Diatomaceous Earth Kills Bed Bugs
Diatomaceous earth does kill bed bugs, but it takes patience. I have seen people do their own experiment, leaving bed bugs in a dish with DE and waiting to see if they die. When they are still alive after 24 hours, or a day or two, people assume it doesn't work. But, those experiments are not paying attention to how diatomaceous earth works. It takes patience to see results in action.
Using DE alone may not be enough, but it can be a useful part of the whole.
Guess What the Dark Spots Are!
My investigation started with three dozen bed bugs that I trapped. Each one was kept in a special enclosure (even if one got out it could have been a disaster!).
Some were trapped in pill bottles, such as in the picture above, and others in an ant colony, which did not work as well as it does on ants! Inside of enclosure was a thick layer of Diatomaceous Earth (pool-grade in some, food-grade in others).
They were placed in each enclosure for observation. After checking them twice a day for a couple days I observed something odd: The bed bugs did not die right away, or even a few days later. It took 7-14 days to kill them.
I can see why people think it does not work. It is hard to be patient, but when it comes to killing bed bugs, it is worth it the extra time.
The conclusion of my experiment is that diatomaceous earth works great, but with large, embeded infestations it should be one part of a bigger plan.
Are You Using the Wrong Kind of DE for Bedbugs?
Diatomaceous Earth is made from a material called silica. It is made up of small particles that seem smooth to us, but to a bedbug they are razor sharp.
As they walk across the DE, it cuts their abdomens. This causes them to become dehydrated and eventually die. It is very slow-acting. While most bedbugs will die in a week, some of them may live for over two weeks.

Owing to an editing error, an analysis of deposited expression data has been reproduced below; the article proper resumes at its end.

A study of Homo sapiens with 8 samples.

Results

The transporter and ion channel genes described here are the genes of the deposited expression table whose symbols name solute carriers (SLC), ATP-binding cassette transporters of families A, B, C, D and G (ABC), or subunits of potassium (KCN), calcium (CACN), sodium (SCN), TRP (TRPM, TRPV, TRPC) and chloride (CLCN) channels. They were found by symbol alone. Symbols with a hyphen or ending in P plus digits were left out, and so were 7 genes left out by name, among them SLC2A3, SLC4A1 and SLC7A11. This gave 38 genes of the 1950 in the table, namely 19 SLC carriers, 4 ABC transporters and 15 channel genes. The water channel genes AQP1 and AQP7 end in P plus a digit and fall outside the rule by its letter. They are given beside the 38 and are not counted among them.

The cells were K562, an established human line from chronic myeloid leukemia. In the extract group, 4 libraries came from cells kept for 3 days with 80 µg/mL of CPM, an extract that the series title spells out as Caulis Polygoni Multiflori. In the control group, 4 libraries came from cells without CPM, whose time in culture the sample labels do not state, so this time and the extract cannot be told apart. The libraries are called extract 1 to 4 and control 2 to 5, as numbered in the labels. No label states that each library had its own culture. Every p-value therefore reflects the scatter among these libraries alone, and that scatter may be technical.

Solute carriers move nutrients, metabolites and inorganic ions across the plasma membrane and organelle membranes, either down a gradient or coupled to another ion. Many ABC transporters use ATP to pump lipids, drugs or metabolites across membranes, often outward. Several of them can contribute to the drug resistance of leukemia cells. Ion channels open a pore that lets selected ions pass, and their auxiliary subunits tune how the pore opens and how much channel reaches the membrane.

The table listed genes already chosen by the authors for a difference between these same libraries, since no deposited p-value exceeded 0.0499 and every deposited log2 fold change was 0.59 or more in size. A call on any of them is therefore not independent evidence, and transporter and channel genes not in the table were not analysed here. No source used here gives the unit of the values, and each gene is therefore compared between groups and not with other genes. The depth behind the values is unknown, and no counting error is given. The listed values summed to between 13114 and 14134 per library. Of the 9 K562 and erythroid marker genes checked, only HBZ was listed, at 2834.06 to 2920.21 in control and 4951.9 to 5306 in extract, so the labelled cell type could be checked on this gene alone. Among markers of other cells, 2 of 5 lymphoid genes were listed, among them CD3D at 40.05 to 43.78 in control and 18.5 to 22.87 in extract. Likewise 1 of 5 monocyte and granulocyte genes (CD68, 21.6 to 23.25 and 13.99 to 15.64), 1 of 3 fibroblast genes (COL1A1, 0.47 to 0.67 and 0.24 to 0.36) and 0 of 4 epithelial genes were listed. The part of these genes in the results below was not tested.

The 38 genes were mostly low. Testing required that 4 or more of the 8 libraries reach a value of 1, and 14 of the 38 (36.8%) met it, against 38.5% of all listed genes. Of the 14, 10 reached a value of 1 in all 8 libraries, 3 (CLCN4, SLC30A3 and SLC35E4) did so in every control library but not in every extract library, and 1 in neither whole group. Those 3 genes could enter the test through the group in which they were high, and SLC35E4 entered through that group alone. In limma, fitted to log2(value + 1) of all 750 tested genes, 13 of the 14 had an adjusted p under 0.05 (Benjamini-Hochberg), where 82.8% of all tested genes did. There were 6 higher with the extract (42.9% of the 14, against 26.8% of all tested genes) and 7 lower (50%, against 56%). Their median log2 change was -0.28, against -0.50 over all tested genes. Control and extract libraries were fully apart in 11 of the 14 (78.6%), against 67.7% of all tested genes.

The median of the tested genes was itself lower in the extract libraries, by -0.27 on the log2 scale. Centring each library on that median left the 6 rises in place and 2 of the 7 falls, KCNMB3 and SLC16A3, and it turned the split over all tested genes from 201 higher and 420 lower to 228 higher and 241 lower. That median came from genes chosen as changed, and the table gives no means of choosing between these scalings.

Diatomaceous Earth, Bedbugs, and Human Safety
How safe is DE in the fight against bedbugs? To answer this question, four families with bedbugs volunteered to try both food-grade and pool-grade DE.
Each family was given one or the other type for the experiment. Before the family members began the experiment, they were briefed on safety issues. For the most part, food-grade Diatomaceous Earth is safe to use around pets and children. However, this does not mean it is 100% safe.
Pool-grade DE is not safe to use in bed bug removal. It triggered one person's asthma in our experiment. As mentioned above, DE is made from silica. It may seem harmless to the touch but it is not harmless to the mucosal lining of our respiratory tracts. When an asthmatic inhales DE, it can damage their nose, sinus, throat, bronchi, and bronchioles.
Through my experiment with each family, I breathed in both food-grade and pool-grade DE. Even I felt the irritation of the pool-grade DE. On the other hand, no one became ill after using food-grade DE.
Warning For The Following: Asthma, COPD, and Other Lung Ailments
DE is useful as a part of a total bedbug elimination plan, but there are some people who should never use DE: Asthmatics, people with COPD, and those with other lung ailments should not be exposed to DE.
The irritation caused by DE can be very dangerous with people who suffer from lung conditions and severe sinuses. If you want to use it, talk to your doctor about the risks.
Mine was not a scientific study, and would have never met standards of one. Readers can draw their own conclusions.
Applying Diatomaceous Earth Inside Mattress Cover
DE Bedbug Experiment Results
The effectiveness of diatomaceous earth depends on the severity of the infestation. In most cases, it will need to be used in tandem with spraying, sealing, and covering mattresses along with steaming and regular cleanings.
I suggest steaming the mattress before using the dust. Do not soak the mattress, but if it does seem damp, let it dry before applying DE. After you have steamed, place the mattress in a cover. Then use a duster to coat the inside of the mattress cover. As you can see in the picture above, we placed DE inside the mattress cover. Then the bugs are trapped and the DE cannot become airborne. The mattress cover should be checked daily for tears, which can be fixed with duct tape.